In the 21st century, even our plants are becoming bionic, thanks to groundbreaking new research that has successfully created the world’s first cyborg rose. That’s right — the favorite flower of Valentine’s Day has been poked, prodded, and practically reinvented to play host to the electronic circuits that are grown inside them, making it possible for these flora to transmit energy, detect environmental changes, and even have their growth regulated by the flip of a switch.

As per a study published Friday in Science Advances, researchers “report analog and digital organic electronic circuits and devices manufactured in living plants.” Scientists “fed” a rose a synthetic polymer known as PEDOT-S, allowing the plant to draw the polymer up through its stem in the same way that it brings up water — using its xylem channels.

Then, the ingenious little polymer assembled itself into a “wire” of sorts that actually allows electrical signals to pass through it without disturbing the rest of the rose’s life functions (such as getting water and nutrients to the right places). And when the wire created by PEDOT-S was connected with the natural electrolytes found in plant tissue, researchers were able to create an electro-chemical transistor and a digital logic gate, which forms the base of computer systems.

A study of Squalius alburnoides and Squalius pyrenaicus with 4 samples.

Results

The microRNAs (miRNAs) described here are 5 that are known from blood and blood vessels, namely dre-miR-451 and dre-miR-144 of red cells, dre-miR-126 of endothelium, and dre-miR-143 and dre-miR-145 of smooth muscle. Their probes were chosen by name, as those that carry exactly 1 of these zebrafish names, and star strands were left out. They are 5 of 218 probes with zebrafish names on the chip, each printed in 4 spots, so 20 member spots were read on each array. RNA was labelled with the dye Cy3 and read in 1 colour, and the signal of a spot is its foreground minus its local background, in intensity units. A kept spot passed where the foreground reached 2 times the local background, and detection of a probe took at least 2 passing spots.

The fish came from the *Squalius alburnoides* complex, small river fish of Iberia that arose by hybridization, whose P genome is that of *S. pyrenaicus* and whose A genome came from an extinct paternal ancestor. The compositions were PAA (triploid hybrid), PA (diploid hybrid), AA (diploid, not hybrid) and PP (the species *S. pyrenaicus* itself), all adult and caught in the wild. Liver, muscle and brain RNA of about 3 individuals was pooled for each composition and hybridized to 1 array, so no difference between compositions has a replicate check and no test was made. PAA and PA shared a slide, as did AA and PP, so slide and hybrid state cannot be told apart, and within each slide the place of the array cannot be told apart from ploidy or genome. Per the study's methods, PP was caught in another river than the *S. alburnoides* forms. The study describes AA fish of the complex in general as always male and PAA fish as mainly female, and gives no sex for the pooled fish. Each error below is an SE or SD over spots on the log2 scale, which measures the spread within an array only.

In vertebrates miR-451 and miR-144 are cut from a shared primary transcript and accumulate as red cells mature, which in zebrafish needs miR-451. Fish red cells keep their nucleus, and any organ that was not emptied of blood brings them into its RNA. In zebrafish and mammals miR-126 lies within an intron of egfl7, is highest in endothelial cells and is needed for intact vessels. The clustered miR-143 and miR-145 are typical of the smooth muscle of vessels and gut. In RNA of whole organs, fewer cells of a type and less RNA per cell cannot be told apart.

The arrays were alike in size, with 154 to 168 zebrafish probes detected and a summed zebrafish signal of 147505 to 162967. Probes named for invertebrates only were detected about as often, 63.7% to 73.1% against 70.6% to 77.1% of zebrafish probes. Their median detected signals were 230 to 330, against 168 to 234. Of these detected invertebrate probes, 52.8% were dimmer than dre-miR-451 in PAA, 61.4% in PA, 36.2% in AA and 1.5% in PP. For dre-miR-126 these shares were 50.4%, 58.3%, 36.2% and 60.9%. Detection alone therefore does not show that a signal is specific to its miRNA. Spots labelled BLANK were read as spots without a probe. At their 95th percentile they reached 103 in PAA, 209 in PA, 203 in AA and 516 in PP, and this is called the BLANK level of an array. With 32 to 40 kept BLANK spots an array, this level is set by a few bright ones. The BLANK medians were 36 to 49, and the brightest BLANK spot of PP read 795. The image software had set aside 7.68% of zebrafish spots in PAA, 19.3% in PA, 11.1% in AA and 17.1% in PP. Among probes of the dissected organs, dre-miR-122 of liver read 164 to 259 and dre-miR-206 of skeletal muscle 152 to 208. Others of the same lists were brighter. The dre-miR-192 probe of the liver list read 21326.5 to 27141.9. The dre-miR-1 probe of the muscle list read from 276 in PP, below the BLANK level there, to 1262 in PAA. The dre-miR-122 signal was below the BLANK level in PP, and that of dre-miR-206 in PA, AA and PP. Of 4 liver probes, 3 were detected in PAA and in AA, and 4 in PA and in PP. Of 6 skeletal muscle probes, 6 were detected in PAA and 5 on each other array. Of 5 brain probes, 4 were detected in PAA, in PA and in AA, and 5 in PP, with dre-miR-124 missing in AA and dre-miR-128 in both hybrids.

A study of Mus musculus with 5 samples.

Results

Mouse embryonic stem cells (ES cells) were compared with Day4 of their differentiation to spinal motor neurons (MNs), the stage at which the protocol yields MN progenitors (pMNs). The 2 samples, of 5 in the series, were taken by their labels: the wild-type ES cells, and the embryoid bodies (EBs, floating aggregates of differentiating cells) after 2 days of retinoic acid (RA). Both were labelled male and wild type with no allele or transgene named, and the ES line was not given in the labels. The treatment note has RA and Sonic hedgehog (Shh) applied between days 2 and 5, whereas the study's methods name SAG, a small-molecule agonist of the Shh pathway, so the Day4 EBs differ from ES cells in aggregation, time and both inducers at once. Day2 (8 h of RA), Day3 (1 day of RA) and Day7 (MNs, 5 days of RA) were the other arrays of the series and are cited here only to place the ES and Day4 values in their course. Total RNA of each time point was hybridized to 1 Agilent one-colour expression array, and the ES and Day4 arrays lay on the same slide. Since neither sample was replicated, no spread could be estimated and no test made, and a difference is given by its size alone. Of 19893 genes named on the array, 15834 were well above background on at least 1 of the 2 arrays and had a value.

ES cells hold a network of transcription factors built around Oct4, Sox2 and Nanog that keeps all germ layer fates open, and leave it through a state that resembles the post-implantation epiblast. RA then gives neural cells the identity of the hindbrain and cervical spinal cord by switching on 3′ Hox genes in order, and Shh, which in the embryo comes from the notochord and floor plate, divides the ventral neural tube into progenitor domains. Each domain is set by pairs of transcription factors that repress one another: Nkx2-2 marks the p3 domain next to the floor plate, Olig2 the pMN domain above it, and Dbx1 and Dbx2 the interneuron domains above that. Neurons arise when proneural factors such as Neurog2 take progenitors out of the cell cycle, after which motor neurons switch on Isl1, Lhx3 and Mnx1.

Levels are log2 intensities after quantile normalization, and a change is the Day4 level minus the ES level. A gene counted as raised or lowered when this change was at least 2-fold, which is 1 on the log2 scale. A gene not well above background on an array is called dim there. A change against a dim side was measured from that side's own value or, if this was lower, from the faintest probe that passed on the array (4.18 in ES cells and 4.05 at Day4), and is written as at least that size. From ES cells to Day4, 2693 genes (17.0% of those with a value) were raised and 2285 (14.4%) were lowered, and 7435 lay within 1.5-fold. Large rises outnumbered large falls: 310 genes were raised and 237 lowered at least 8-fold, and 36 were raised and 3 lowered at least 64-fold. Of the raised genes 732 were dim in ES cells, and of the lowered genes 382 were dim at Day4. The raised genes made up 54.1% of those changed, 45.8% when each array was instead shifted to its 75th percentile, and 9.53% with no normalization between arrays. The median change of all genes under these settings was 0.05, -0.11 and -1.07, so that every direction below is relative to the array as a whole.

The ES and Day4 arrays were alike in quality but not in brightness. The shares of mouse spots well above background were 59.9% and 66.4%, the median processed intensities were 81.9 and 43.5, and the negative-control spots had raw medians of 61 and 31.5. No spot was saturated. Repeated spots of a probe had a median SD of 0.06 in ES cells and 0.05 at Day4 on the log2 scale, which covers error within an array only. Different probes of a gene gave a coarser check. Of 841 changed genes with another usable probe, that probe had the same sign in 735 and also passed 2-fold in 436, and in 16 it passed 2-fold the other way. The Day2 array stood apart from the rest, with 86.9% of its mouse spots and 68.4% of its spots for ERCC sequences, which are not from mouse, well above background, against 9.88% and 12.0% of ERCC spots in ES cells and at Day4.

“With integrated and distributed electronics in plants, one can envisage a range of applications,” write the authors. Such applications include “precision recording and regulation of physiology, energy harvesting from photosynthesis, and alternatives to genetic modification for plant optimization.” Not found on the list of uses, fortunately, is a plant revolution to end the human race.

Related: This bioengineered flower changes from white to red on demand

Magnus Berggren, who led the team of researchers, told Motherboard he was “basically breathless” when he saw what they’d accomplished. And moving forward, the scientist wants to find ways to convert solar energy into chemical energy and then into stored electrical energy — a whole lot for just one little rose.

Ultimately, Berggren says, this bionic rose could pave the way in harvesting energy from plants without having to kill them. And isn’t that idea just as sweet as a rose?